November 21, 2007
Texas Tech University has doubled its federal defense research funding for 2008, with
a total of $6.6 million secured through the Fiscal Year 2008 Defense Appropriations
Bill, which was signed into law Nov. 14 by President Bush.
"This increase can be attributed to the recognition by Congress and the Pentagon that Texas Tech’s research is important to protecting our troops who are in harm’s way," said Kent Hance, chancellor of the university.
Nearly two-thirds of the funding, $4 million, is earmarked for the Texas Tech pulsed power electronics laboratory, which will focus on developing compact electrical generators that can be integrated into standard weapons systems with the purpose of disabling enemy electronic systems, such as Improvised Explosive Devices with a minimum of collateral damage. Part of the funding will be used to deploy pulsed power into the field to assist U.S. troops.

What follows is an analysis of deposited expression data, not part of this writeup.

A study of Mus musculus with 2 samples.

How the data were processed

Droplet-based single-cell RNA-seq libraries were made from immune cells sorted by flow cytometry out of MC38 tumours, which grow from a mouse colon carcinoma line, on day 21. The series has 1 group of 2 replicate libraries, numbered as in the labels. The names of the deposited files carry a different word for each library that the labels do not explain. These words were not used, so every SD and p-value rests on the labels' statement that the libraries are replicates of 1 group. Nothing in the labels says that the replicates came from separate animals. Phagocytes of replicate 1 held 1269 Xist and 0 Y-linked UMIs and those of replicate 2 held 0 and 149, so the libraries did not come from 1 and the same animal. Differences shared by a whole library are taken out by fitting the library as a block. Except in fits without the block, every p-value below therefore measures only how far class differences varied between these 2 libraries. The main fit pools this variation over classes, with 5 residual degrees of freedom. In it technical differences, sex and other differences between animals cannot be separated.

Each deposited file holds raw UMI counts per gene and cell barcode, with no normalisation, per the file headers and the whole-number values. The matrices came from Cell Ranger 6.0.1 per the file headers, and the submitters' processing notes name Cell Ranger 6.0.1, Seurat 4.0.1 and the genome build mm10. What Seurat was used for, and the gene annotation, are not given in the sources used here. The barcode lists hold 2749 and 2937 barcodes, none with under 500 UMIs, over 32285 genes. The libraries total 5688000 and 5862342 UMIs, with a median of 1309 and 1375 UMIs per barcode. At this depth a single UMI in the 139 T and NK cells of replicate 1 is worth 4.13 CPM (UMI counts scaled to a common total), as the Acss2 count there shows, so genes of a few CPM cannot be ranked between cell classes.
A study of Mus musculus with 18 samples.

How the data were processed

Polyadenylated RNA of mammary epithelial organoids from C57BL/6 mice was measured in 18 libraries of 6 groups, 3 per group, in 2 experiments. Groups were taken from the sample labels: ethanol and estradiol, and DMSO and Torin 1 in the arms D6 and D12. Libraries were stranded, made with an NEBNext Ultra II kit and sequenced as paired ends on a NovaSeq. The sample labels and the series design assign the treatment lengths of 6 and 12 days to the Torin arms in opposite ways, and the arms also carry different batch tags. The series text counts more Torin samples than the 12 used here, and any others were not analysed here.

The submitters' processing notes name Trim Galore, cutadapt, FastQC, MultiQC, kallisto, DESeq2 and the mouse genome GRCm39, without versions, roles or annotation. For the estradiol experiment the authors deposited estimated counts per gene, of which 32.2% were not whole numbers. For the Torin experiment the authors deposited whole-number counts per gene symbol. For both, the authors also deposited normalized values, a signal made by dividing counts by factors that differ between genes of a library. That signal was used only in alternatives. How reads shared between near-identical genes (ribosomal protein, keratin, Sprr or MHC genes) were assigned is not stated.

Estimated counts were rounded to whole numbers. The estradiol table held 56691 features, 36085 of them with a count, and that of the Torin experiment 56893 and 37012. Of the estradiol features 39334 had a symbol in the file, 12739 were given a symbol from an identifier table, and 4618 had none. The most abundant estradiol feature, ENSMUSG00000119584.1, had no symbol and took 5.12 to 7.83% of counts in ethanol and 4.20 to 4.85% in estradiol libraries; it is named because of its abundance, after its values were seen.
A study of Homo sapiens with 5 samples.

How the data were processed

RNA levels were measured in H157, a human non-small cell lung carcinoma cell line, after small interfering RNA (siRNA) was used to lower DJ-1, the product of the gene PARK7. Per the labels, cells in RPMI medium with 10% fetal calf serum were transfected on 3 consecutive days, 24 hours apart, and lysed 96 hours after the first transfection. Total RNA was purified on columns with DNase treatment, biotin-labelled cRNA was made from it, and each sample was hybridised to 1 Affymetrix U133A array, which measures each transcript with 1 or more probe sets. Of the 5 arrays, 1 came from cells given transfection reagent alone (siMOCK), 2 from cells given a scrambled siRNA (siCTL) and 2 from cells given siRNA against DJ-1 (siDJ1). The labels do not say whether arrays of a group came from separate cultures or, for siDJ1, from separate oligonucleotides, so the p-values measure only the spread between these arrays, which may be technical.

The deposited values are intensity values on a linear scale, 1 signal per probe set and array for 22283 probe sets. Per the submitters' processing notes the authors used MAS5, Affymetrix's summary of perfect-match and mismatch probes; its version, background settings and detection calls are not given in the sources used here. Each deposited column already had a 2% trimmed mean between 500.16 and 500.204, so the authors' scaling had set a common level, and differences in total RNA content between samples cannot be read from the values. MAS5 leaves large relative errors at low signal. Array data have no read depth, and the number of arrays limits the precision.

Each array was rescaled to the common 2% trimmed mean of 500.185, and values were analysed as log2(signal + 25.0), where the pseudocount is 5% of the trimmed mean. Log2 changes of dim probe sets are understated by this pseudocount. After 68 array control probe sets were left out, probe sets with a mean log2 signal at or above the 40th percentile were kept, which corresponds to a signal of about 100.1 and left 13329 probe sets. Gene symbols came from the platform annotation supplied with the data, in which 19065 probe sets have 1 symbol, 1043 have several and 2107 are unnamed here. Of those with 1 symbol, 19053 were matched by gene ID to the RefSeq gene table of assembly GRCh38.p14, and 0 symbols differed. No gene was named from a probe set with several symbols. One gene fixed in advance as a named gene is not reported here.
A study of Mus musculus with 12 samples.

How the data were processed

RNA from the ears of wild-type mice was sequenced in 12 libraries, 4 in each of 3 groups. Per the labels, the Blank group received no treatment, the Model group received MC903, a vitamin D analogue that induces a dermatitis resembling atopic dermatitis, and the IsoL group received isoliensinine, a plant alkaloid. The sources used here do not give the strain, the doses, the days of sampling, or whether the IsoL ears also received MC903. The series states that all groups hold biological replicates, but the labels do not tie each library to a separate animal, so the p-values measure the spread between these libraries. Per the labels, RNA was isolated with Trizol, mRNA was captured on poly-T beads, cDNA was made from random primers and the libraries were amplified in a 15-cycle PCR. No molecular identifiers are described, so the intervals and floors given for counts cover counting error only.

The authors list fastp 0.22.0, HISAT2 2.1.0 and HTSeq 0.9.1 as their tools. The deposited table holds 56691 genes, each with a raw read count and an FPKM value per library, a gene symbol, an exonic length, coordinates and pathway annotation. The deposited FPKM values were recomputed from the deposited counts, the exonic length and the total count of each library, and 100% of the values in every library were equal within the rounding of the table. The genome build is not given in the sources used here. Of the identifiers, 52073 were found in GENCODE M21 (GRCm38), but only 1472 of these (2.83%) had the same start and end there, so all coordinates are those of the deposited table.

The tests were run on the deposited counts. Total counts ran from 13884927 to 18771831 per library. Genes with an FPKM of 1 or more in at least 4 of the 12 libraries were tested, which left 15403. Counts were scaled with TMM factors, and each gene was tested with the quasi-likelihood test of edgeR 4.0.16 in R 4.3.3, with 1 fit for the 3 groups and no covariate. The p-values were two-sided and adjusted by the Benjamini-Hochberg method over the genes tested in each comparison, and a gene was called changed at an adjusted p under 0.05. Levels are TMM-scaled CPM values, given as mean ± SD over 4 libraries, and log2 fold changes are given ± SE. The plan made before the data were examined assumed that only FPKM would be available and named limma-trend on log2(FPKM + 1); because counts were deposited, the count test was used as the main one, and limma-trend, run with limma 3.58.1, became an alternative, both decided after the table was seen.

Texas Tech also will receive $1.6 million in funding to support the continued research of nanophotonic technology, which has civilian, military and homeland security applications. Research will focus on advanced materials and systems miniaturization to develop a new generation of lighting devices that are lightweight, efficient and consume little energy.
Another $1 million was secured for the Zumwalt National Program for Countermeasures to Biological and Chemical Threats at The Institute for Environmental and Human Health. This program is recognized for developing a non-woven fabric that can be used to protect against exposure to biological and chemical agents. The Army has expressed interest in this new fabric.